Welcome to our Research Roundup. Each month, we publish a short review of recently published papers that better our understanding of Adverse Childhood Experiences (ACEs). We cover scientific articles about the contexts in which ACEs are more (and less) likely to occur, how ACEs are related to health and well-being, and how we might intervene to prevent ACEs or reduce their negative impacts.
We discuss ACEs and school performance. ACEs may affect outcomes in adulthood through disrupted neurodevelopment
In this Research Roundup Summer 2021 edition, we’re addressing the recall bias in measuring ACEs in many ACEs studies.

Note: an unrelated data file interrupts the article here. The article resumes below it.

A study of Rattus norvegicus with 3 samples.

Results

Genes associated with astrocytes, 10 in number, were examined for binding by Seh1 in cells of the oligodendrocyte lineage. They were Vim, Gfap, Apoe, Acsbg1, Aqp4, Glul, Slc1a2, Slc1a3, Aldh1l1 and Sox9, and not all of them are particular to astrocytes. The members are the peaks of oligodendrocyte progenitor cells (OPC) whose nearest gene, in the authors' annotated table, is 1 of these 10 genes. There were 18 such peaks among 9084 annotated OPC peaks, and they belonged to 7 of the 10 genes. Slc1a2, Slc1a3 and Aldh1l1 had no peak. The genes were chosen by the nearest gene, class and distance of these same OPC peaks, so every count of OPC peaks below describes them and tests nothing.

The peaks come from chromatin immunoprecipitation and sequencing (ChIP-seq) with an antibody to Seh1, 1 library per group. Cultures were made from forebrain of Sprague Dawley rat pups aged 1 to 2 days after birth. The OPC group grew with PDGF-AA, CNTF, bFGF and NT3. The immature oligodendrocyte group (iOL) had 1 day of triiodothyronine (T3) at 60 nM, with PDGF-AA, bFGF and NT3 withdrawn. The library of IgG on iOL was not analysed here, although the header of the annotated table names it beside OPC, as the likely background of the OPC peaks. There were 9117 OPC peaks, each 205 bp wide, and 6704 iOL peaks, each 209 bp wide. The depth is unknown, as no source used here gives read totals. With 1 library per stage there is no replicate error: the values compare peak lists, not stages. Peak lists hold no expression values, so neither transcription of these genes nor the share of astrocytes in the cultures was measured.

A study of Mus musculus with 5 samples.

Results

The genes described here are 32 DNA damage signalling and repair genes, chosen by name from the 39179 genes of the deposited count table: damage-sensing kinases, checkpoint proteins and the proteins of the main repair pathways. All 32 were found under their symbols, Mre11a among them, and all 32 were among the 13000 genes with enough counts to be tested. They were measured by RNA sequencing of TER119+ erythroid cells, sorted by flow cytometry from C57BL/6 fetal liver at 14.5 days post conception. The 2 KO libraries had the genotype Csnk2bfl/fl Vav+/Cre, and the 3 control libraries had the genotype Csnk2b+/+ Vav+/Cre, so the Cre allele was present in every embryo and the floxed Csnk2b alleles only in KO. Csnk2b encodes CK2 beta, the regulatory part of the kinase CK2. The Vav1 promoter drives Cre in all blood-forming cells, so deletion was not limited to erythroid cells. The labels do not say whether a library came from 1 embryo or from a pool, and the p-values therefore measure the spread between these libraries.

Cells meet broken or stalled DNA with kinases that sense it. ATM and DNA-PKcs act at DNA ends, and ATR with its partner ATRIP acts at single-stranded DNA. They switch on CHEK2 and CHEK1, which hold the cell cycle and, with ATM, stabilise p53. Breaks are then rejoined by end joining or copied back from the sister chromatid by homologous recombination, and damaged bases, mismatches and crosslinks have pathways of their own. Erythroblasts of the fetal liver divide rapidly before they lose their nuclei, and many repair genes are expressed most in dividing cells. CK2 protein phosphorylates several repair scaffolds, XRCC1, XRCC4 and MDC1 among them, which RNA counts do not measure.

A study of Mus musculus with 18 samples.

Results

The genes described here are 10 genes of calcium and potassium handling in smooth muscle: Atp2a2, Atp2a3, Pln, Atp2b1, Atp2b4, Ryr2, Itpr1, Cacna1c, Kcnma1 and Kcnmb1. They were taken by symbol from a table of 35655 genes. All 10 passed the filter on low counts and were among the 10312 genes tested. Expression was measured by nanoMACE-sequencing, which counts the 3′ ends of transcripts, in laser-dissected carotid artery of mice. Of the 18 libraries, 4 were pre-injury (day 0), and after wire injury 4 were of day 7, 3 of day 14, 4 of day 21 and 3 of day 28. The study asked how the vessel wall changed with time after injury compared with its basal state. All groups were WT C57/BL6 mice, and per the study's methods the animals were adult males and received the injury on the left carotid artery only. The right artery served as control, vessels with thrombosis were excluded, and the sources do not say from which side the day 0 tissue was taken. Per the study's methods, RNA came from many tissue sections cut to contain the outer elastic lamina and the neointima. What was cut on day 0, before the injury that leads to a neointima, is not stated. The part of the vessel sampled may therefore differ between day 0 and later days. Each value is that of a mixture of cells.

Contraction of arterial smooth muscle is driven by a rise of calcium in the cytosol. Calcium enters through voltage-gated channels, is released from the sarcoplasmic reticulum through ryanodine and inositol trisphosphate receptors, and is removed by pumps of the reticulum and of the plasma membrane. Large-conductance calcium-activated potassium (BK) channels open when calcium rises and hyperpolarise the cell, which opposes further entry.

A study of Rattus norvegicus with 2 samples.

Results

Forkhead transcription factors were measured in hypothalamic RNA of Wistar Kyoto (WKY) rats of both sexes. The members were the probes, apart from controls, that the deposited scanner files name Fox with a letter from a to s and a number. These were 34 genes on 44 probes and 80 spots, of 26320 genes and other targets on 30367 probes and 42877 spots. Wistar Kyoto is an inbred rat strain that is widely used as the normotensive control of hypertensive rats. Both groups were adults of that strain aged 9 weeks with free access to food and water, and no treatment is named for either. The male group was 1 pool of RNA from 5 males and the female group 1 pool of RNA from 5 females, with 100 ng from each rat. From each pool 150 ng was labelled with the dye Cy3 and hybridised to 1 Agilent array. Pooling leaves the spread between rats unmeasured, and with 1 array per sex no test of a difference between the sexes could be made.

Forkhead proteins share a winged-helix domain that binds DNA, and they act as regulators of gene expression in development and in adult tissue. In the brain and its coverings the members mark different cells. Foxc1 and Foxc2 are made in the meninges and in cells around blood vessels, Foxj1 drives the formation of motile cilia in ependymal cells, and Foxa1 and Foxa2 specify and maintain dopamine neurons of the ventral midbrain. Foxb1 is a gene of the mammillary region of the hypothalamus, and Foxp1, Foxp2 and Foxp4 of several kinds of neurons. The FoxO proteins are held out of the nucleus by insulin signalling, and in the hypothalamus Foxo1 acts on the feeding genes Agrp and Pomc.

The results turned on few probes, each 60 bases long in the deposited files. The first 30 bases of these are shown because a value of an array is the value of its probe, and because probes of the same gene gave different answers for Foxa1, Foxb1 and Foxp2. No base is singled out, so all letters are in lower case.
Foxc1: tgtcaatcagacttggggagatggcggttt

We discuss ACEs score strengths, limitations, and misapplications to determine how we can best use and interpret the ACEs test and framework.
Does the timing of ACEs exposure matter and how? We discuss this topic in our Research Roundup May 2021 edition.
ACEs patterns and their impact. Different ACEs can be grouped in meaningful ways, and different ACEs have different risks in later life.
This month’s column focuses on how the distribution of ACEs is context-dependent: ACEs vary by space, time, and contextual factors.
How ACEs affect reproductive trajectories in women who are pregnant, as well as the role of social support in improving birth outcomes.
Parental Adverse Childhood Experiences. Researchers examined a wide range of health outcomes in kids whose parents were exposed to ACEs.
Adverse Childhood Experiences were associated with functional limitations and dementia in two studies of older Japanese adults
Maternal depression is linked to poor outcomes and mothers who have experienced ACEs in childhood may be at higher risk of depression.